Uncertainty seemed to be the general theme of the National Biodiesel Board conference this year. “I don’t have the foggiest idea” was former Senator Byron Dorgan’s first response to the question “What is the future of the biodiesel industry?” in the Spotlight on Washington Session. In light of this theme, let’s review the potential for the economy and job creation that comes from a strong US clean technology sector including biofuels like biodiesel. Over the last decade or more the world has embarked on a transition. The science is in – the climate is changing and it’s due to human activity, and it’s happening faster than anyone thought. Those that deny it might also believe the world is flat, but that doesn’t make it so.
California has proven that embracing a carbon economy can lead to greater economic and job growth than the status quo of petroleum based energy. Unemployment in the state has fallen from 12% in 2011 to 5.5% today. California has attracted billions of dollars as well as the brain trust of renewable fuels companies, OEMs seeking the new ‘Detroit’ in autonomous and electric vehicles and advanced biofuels research created with massive investment from industry and academia. In the name of human caused climate change, California and regions across the globe are finding that clean fuel investment, production and consumption are leading to cleaner air, greater self-reliance and reduced costs to consumers.
The new administration appears to deny climate change’s integral connection to human activity. By repudiating this connection, we risk losing our position of leadership and advantage in a sector that will define success in the next century, or more. And we will be handing that leadership advantage over to countries like China, along with all the economic benefits, and jobs, that go along with it. While I am cynical of our ability to transform our economy by embracing the ancient, antiquated and polluting fuels of our past, perhaps the new administration could embrace the jobs, economic prosperity and economic freedom that comes with a US based renewable energy and clean technology industry. . . even if they are not comfortable with proven and basic science principals.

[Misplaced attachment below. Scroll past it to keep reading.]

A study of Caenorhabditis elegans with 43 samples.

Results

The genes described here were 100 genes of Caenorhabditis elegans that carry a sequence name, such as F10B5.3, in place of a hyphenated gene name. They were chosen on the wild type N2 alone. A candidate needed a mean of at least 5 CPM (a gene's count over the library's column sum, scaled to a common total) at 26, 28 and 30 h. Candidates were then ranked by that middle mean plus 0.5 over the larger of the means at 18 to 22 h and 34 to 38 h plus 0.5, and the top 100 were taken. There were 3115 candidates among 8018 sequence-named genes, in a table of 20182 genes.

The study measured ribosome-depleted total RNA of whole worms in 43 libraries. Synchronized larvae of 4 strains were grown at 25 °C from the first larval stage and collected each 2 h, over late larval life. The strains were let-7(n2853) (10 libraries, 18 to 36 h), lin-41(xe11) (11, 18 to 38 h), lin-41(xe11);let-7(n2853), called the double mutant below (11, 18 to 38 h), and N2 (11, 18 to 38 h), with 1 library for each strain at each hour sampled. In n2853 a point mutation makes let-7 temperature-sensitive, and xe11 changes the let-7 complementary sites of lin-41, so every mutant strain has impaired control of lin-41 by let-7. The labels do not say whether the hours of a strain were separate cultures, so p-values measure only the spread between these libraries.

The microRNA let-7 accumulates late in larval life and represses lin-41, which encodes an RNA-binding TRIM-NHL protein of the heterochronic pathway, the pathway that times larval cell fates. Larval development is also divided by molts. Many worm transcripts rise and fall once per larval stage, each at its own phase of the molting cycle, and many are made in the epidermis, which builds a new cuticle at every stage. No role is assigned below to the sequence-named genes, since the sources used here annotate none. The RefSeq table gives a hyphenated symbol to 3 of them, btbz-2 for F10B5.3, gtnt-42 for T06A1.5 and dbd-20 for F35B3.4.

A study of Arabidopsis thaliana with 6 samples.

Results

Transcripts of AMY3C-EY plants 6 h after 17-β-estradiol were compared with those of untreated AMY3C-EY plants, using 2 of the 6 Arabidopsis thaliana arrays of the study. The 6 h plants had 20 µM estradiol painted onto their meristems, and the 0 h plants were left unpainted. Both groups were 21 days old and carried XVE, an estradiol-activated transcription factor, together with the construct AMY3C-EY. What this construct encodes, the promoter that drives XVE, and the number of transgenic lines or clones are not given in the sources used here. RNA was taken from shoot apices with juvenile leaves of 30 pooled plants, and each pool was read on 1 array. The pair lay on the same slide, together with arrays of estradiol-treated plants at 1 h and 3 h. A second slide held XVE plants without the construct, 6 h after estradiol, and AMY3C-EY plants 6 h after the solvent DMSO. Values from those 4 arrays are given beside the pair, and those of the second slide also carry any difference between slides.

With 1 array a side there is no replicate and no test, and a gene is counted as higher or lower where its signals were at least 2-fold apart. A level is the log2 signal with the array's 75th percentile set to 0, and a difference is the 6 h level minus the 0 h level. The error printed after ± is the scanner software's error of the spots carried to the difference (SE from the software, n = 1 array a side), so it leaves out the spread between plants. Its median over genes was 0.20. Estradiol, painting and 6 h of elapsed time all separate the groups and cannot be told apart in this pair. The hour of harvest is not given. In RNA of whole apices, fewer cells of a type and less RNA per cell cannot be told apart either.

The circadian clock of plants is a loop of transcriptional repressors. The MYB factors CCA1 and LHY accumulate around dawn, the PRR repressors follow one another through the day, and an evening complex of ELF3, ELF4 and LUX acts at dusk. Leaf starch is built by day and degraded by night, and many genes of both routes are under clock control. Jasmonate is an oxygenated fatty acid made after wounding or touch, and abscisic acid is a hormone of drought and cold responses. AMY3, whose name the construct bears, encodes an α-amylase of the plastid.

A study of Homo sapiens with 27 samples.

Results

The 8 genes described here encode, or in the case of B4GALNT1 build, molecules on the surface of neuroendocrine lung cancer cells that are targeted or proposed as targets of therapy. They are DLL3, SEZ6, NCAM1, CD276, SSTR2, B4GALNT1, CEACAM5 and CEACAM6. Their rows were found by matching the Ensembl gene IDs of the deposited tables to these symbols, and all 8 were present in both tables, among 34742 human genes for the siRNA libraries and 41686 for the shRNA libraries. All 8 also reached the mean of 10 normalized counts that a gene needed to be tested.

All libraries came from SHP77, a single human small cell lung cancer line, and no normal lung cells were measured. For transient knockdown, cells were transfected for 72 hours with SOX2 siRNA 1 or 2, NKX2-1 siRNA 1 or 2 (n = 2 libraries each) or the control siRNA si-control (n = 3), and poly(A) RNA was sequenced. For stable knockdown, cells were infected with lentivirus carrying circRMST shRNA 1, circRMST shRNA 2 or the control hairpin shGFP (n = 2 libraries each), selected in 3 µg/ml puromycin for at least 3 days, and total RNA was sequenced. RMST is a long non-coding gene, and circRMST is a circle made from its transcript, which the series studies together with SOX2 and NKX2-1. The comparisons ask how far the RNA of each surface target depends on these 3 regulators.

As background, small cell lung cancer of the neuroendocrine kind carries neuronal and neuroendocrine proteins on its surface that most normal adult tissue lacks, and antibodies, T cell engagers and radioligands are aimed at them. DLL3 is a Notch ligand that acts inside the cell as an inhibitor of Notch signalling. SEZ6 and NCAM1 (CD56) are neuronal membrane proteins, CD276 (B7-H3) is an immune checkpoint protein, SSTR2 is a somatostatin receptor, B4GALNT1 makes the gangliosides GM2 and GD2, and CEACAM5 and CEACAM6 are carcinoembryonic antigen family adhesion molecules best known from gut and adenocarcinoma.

As I’ve pointed out in past articles, there are more Americans employed today in the solar industry than all of oil and gas extraction activities. And almost twice as many folks are installing solar panels in the country than are mining for coal. The U.S. solar industry’s job growth increased 86% in the last five years and employs 174,000 Americans. More than 75,000 Americans work in the wind power industry.
More than 7 million Americans have jobs in the bio-renewables and clean tech sectors. These industries had an estimated total US economic impact of $750 billion in 2016. Clean transportation alternatives were responsible for displacing over 15 billion gallons of petroleum last year (almost all from biofuels), which equates to GHG reductions of somewhere in the neighborhood of 60 million metric tons of CO2 equivalents. But when you add in the non-transportation fossil replacement renewables sector, the CO2 equivalents displaced were over 300 million metric tons, which is equivalent to removing over 63 million passenger vehicles from US roadways each and every year.
Here are a few specific statistics:
According to the USDA, the US Bio-based industry generated $393 billion in revenues and created 4.223 million jobs (1.528 million direct jobs and another 2.695 million indirect jobs). These products displaced up to 7.7 million barrels (~325 million gallons) of petroleum in 2016, which equates to a reduction of up to 11.3 million metric tons of CO2 equivalents. And this does not even include fuels and energy production!
There were close to 50,000 jobs created in the biodiesel industry with $1.9 billion in wages paid, and $8.4 billion in total US economic impact. The Low Carbon Fuel Standard in California alone has slashed 16.6 million tons of carbon and avoided more than $1.6 billion in negative public health impacts.
If it’s business, profits, jobs and economic drivers you’re after, the carbon economy is the motivator for innovation for the next 100 years. If America chooses the path of isolationism and ignores real science, the second best choice would be to embrace renewable energy for the US jobs, health and economic benefits. We have always been exceptional. Now is not the time to create uncertainty, but rather eliminate the fog and lead our nation to greater economic and environmental security.